A United Launch Alliance Delta 2 rocket stands ready to launch NASA's Aquarius/SAC-D mission from Space Launch Complex-2.
Credit: United Launch Alliance
With its final scheduled flight looming just three weeks away, the workhorse Delta 2 rocket has won the right to rejoin the competition for future NASA satellite launches.
NASA announced Friday (Sept. 30) that the vehicle will take an "on-ramp" to again be included on the roster of rockets that the space agency can chose from when deciding launch assignments.
But the news is no guarantee the Delta 2 will be picked by NASA to deploy upcoming satellites. It simply means the rocket can fight for future launches of medium-class payloads against rivals such as Orbital Sciences, SpaceX and Lockheed Martin. [Vote: The Best Spaceships of All Time]
"We are extremely pleased NASA has added the reliable Delta 2 to the NLS-2 contract and look forward to continuing the legacy of the program," Michael Gass, United Launch Alliance's president and CEO, said in a press release. "ULA has demonstrated its ability to fully integrate Atlas 5, Delta 4 and Delta 2 product lines allowing us to continue offering medium launch capability at the best value for our customers."
When NASA announced its new contracting system a year ago, the Delta 2 was no longer included in the available lineup of rockets for the agency to use.
The so-called NASA Launch Services-2 contract enables boosters to be purchased by NASA for unmanned spacecraft missions over the next 10 years.
The Delta 2's exclusion meant it was unable to bid on prospective NASA launches, and the situation suggested the rocket's flying days could be ending because the U.S. Air Force also had left the rocket.
As the original backer of the Delta 2's creation in the 1980s, the Air Force successfully used the rocket for two decades to construct the Global Positioning System and sustain the orbiting constellation via dozens of launches to construct.
But when the military steered its next-generation GPS satellites to the new Atlas 5 and Delta 4 vehicles, the Delta 2 lost its anchor tenant. Launch pricing and the capabilities offered by the rockets combined with a diminishing mid-size satellite market dealt tough blows to the Delta 2's future. [More Delta Rocket News from Spaceflight Now]
"The medium-class market that Delta 2 has served for so many decade has really shrunk over the last few years. It's just hard to find a business case that works, that allows you to be able to launch the one or two per year that market demands right now and be able to do it for a reasonable price," Vernon Thorp, United Launch Alliance's program manager for NASA missions, said at a recent press conference.
"The reason we're able to still do it for the next few years is because since ULA was formed we've been able to integrate our launch teams, our engineering teams, our factories, everything else so we're sharing resources between the Delta 4 program and the Atlas program with Delta 2. So we're able to take advantage of that and still keep that launch service affordable."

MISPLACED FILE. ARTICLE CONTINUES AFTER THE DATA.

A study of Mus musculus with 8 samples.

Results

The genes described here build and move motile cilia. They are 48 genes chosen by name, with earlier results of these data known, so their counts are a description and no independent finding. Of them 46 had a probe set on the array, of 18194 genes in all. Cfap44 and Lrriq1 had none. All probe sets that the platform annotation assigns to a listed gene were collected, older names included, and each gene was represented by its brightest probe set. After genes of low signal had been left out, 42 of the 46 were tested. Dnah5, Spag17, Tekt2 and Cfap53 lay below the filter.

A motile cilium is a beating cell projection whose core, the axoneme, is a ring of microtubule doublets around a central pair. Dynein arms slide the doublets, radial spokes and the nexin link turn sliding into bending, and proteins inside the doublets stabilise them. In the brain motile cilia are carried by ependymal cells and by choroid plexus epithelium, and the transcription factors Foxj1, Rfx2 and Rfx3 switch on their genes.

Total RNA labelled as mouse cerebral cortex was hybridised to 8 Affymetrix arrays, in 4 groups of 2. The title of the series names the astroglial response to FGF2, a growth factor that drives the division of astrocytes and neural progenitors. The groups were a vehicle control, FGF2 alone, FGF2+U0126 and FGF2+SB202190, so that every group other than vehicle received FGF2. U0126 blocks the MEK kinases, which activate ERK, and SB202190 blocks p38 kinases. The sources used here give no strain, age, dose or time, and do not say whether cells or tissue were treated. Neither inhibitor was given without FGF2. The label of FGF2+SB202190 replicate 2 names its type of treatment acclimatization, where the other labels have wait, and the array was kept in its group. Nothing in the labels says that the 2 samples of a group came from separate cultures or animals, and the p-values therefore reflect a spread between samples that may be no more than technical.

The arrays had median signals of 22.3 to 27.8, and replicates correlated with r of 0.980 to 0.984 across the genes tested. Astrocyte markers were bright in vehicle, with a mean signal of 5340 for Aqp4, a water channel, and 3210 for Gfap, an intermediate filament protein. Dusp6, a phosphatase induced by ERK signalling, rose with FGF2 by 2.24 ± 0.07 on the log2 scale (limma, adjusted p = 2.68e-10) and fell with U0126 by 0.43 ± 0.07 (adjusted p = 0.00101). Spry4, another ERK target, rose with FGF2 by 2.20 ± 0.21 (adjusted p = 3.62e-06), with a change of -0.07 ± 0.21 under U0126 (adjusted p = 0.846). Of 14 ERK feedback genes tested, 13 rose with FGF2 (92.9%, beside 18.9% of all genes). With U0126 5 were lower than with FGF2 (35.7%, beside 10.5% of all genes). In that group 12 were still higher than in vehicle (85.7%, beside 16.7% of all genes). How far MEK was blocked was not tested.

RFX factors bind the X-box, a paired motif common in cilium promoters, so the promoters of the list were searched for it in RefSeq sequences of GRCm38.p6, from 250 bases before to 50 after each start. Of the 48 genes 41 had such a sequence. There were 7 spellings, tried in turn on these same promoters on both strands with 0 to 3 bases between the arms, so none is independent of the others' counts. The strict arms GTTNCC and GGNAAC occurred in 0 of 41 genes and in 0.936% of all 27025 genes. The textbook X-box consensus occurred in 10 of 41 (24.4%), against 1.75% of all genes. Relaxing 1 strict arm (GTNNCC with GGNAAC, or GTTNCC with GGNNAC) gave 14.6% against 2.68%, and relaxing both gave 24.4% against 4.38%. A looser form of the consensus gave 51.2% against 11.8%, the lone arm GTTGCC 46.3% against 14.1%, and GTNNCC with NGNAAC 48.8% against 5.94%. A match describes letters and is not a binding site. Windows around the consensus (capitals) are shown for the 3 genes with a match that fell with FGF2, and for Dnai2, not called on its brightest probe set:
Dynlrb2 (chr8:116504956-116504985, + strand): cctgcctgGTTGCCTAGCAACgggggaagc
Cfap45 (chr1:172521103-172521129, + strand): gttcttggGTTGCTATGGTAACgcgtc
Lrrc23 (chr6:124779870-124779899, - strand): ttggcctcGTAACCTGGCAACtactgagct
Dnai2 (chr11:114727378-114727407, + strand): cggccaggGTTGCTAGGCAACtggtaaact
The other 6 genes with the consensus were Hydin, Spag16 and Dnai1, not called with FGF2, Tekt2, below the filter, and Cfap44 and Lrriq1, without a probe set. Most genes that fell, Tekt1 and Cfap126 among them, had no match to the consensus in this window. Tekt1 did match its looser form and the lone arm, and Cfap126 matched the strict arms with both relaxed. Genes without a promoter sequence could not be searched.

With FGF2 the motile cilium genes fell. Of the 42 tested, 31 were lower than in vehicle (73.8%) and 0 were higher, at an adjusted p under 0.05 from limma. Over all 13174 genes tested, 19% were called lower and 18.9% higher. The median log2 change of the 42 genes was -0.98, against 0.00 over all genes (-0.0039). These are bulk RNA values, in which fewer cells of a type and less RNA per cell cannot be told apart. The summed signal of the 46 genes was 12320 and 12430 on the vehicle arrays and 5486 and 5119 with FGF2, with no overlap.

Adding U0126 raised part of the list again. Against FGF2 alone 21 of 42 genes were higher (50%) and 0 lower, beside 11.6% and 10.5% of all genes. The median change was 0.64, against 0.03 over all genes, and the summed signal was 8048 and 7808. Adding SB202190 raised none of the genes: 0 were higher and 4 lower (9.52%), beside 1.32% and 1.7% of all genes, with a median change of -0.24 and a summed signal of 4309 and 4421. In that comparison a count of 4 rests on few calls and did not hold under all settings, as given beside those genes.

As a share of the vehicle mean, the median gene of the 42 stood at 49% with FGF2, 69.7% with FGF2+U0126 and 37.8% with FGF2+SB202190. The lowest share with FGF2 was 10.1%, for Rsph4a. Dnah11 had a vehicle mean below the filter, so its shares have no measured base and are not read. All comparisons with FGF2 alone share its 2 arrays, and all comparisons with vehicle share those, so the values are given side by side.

The Delta 2 has flown 150 times since 1989, accumulating a 98.7 percent reliability record, including 95 successes in a row over the past 14 years.
Its next — and possibly final — mission is scheduled for Oct. 25 from Vandenberg Air Force, California, carrying the NPP climate and weather satellite. It will be 50th time the Delta 2 has performed a mission for NASA. [7 Rocket Launches in 7 Days]
Whether there will be a 51st depends if the Delta 2 can snare a firm assignment through the NLS-2 contracting system. NASA has a handful of science satellites currently being designed that fit into the rocket's weight class that will need launched into polar orbits over the next few years from the West Coast.
ULA has parts to build as many as five Delta 2 rockets.
"The big question right now is will there be more Delta 2s? We certainly hope from ULA's perspective that there will be. We have enough inventory left to build five more, we have all the skills that we need in-house to be able to perform those missions for the reasons I just explained — we have an integrated team now between Atlas and Delta. We are in discussions with several commercial and government customers regarding the possibility of future sales. You know that NASA is one of those organizations we're talking to," said Thorp.
"We hope sometime in the near-future that results in a few more missions, and those would most likely be missions out of Vandenberg."
Those five remaining "white tail" Delta 2 rockets were once envisioned to fly in the Heavy configuration with 46-inch-diameter strap-on solid motors. Since the pad at Vandenberg cannot accommodate the bigger boosters, ULA will need to purchase the regular 40-inch motors from builder Alliant Techsystems for any potential future flights.
"ULA has moved into a situation where they can get the contractor — ATK — for the GEM-40's, the Delta 2 standard solids, such that it'd be roughly a 24-27 month lead time," NASA launch director Tim Dunn said in a recent interview.
If a Delta 2 launch is ordered by NASA, that production time for new boosters would be feasible, Dunn said.
"From the time they win a contract till the time we launch is generally 30-36 months. So they could then turn ATK on for the specific mission — a four-solid mission, a three-solid mission or a nine-solid mission."